Friday, April 29, 2005

"The Tempest", by William Shakespeare

Philip Goodwin and Daniel Breaker (Photo: Richard Termine)

directed by Kate Whoriskey at The Shakespeare Theatre in Washington D.C. March 22 - May 22, 2005.

This production featured a truly aerial Ariel, played by Daniel Breaker high above the stage, often upside-down in a flying harness. Stephano was played by Floyd King, who did a hilarious job. The shipwreck in the opening scene was fabulous.

Full fathoms five thy father lies
Of his bones are coral made
Those are pearls that were his eyes
Nothing of him that doth fade
But doth suffer a sea change
Into something rich and strange

New Hubble Images

Eagle Nebula
Credit: NASA, ESA, and The Hubble Heritage Team (STScI/AURA)

Hubble Image Gallery

"Automatic effects of alcohol cues on sexual attraction", by Friedman et. al.

Alcohol is traditionally believed to effect libido, but in a test of 82 male undergraduates at the University of Missouri at Columbia, they didn't even have to drink the stuff! Just a subliminal flash of the word "beer" on a computer screen was enough to influence the perceived attractiveness of depicted females, at least for the "Show Me State" males. It didn't seem to change ratings of the female's intelligence however.

The Nature News Article

"Modigliani: Beyond the Myth", edited by Mason Klein

A beautiful book from Yale University Press, it's a catalog from a recent exhibition which just ended at the Philips Collection in Washington, D.C. In fact, I saw it today, the final day of a multi-city tour. I also got a great Modigliani T-shirt, lucky me. I'd never been to the Philips Collection before, it's in lovely Dupont Circle, conveniently located on the Metro.

Metropolian Museum, New York

Photograph of the artist as a young man

Salt Fingers, Ocean Mixing

In the mix. Warm salt fingers (light-colored) dribble down as fresh water (darker) rises.
CREDIT: B. Merryfield/ Institute of Ocean Sciences/ Office of Naval Research

Bill Merryfield's salt finger tutorial

"Salty Fingers Do the Mixing" in Science Magazine.

Human Genetics Project from National Geographic, IBM

Earlier this month, the National Geographic Society and IBM announced a project to produce a sharper picture of human migrations by analyzing DNA samples from 100,000 people (Science, 15 April, p. 340). The Web site of the Genographic Project is worth a look for the lavishly illustrated backgrounders on genetics and migrations. A timeline depicts what we know about the human expansion from Africa beginning about 60,000 years ago, stopping at landmarks such as the controversial Cactus Hill site in Virginia. Evidence found there suggests that people reached the Americas thousands of years earlier than previously thought. Another section explains how to send in your DNA and find out where your ancestors originated. Genealogical curiosity will cost you $99.95 plus shipping for the test kit.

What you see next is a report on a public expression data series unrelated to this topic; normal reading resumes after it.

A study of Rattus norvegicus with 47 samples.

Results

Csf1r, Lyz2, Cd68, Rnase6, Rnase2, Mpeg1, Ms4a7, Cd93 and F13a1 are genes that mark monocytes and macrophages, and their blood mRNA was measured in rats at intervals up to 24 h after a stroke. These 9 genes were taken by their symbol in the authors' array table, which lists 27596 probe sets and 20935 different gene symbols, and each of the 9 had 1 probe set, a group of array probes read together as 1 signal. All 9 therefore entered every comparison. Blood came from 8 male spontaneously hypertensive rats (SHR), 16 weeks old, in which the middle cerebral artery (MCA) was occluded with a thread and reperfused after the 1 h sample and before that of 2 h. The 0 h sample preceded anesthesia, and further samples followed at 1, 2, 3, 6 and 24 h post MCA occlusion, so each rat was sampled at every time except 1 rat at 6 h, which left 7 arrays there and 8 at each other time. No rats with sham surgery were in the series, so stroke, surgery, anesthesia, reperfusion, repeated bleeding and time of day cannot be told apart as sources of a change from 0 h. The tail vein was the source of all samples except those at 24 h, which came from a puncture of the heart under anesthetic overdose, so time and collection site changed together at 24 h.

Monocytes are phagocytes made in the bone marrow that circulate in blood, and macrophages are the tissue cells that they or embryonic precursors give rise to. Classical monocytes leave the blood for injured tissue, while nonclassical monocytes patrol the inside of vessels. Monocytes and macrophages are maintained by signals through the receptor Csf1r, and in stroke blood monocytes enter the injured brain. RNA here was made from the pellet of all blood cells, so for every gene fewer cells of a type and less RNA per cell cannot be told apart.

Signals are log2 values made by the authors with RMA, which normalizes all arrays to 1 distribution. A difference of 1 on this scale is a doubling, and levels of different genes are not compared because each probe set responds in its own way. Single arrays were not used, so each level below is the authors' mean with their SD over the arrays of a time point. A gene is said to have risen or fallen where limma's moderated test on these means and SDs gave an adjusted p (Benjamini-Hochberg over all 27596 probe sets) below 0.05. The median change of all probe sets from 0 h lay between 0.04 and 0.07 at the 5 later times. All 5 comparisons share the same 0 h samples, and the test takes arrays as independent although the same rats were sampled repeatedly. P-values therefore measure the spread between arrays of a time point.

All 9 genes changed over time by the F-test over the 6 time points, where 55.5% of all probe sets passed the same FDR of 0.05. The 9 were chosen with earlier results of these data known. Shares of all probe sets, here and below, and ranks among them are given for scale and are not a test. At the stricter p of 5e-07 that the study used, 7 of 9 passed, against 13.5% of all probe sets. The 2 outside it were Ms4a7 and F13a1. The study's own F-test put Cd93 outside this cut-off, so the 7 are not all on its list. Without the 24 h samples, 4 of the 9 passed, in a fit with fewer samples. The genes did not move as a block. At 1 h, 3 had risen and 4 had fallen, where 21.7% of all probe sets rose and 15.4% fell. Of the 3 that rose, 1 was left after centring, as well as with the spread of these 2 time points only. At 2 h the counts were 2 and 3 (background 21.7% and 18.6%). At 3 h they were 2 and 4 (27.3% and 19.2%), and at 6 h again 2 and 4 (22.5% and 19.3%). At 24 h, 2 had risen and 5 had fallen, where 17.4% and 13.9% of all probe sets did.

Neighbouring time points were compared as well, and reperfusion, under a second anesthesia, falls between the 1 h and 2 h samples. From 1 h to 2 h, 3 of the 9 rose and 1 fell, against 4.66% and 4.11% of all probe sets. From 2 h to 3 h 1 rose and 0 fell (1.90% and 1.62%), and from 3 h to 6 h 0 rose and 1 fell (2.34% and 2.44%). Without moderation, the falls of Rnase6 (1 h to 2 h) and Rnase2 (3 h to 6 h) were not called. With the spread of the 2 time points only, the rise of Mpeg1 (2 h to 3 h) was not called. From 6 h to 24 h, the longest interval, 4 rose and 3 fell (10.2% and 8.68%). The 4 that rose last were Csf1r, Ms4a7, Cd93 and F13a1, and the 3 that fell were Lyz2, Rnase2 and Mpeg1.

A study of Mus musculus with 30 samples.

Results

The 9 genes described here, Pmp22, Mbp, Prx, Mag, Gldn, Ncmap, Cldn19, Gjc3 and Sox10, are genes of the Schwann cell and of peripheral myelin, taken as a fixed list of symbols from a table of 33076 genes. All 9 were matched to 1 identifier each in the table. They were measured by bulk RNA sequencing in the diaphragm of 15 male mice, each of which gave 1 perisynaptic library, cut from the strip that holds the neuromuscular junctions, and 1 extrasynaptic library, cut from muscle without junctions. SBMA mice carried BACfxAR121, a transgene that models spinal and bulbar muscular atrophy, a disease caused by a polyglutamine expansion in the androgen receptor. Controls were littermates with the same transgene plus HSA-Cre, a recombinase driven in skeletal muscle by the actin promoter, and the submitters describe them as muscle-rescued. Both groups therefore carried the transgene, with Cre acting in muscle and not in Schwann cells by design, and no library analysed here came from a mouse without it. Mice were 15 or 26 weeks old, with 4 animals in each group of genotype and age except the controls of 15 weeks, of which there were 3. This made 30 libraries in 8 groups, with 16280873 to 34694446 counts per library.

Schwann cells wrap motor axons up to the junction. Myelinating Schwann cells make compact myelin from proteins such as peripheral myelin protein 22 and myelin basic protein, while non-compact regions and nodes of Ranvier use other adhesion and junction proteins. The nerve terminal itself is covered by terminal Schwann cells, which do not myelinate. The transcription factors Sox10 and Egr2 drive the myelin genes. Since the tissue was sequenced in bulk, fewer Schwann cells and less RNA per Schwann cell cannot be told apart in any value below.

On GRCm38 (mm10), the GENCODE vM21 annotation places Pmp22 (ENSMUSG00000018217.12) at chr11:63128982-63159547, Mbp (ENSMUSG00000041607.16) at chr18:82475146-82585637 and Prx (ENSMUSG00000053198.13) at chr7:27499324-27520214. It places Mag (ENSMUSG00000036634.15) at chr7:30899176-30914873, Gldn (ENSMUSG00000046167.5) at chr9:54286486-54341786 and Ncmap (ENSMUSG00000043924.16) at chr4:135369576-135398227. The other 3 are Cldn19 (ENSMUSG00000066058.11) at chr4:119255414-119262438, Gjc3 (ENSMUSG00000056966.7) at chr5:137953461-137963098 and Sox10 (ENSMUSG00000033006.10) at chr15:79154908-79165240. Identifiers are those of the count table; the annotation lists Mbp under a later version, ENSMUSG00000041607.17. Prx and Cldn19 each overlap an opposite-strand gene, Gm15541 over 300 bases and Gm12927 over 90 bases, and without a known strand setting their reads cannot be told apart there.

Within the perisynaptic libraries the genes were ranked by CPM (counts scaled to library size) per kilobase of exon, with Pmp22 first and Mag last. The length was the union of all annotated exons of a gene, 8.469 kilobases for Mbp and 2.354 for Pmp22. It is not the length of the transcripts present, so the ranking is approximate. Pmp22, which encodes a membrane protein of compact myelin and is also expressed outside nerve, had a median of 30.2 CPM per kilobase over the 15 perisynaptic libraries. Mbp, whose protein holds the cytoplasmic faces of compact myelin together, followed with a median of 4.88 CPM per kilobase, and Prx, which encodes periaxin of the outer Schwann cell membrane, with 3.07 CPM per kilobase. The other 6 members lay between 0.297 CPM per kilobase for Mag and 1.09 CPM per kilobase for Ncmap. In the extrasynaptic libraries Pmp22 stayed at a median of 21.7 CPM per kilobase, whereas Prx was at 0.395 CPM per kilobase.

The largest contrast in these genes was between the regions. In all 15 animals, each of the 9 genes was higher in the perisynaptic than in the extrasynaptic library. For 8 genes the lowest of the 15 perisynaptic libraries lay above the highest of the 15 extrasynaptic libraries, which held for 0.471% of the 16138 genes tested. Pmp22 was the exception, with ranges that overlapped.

--- Science Magazine Netwatch

National Geographics Gengraphics Page

Exploding German Toads Baffle Scientists

Undated but recent filer shows a dead toad in a Hamburg, Germany lake. More than 1,000 toads have puffed up and exploded in a Hamburg pond in recent weeks, and German scientists still have no explanation for what is causing the combustion.(AP Photo/Florian Quand)

BERLIN - Why are toads puffing up and spontaneously exploding in northern Europe? It began in a posh German neighborhood and has spread across the border into Denmark. It's left onlookers baffled, but one German scientist studying the splattered amphibian remains now has a theory: Hungry crows may be pecking out their livers.

Local environmental workers in Hamburg have described it as a scene out of a horror or science fiction movie, with the bloated frogs agonizing and twitching for several minutes, inflating like a balloon before suddenly bursting.

"It's horrible," biologist Heidi Mayerhoefer was quoted as telling the Hamburger Morgenpost daily.

"The toads burst, the entrails slide out. But the animal isn't immediately dead — they keep struggling for several minutes."

Disappointingly, the Nature magazine web site poo-pooed the exploding German toad phenomenon: Has bubble burst over exploding toad tale?. "Evidence points to bloated toads and hungry birds, but not explosions" according to Nature. Party poopers!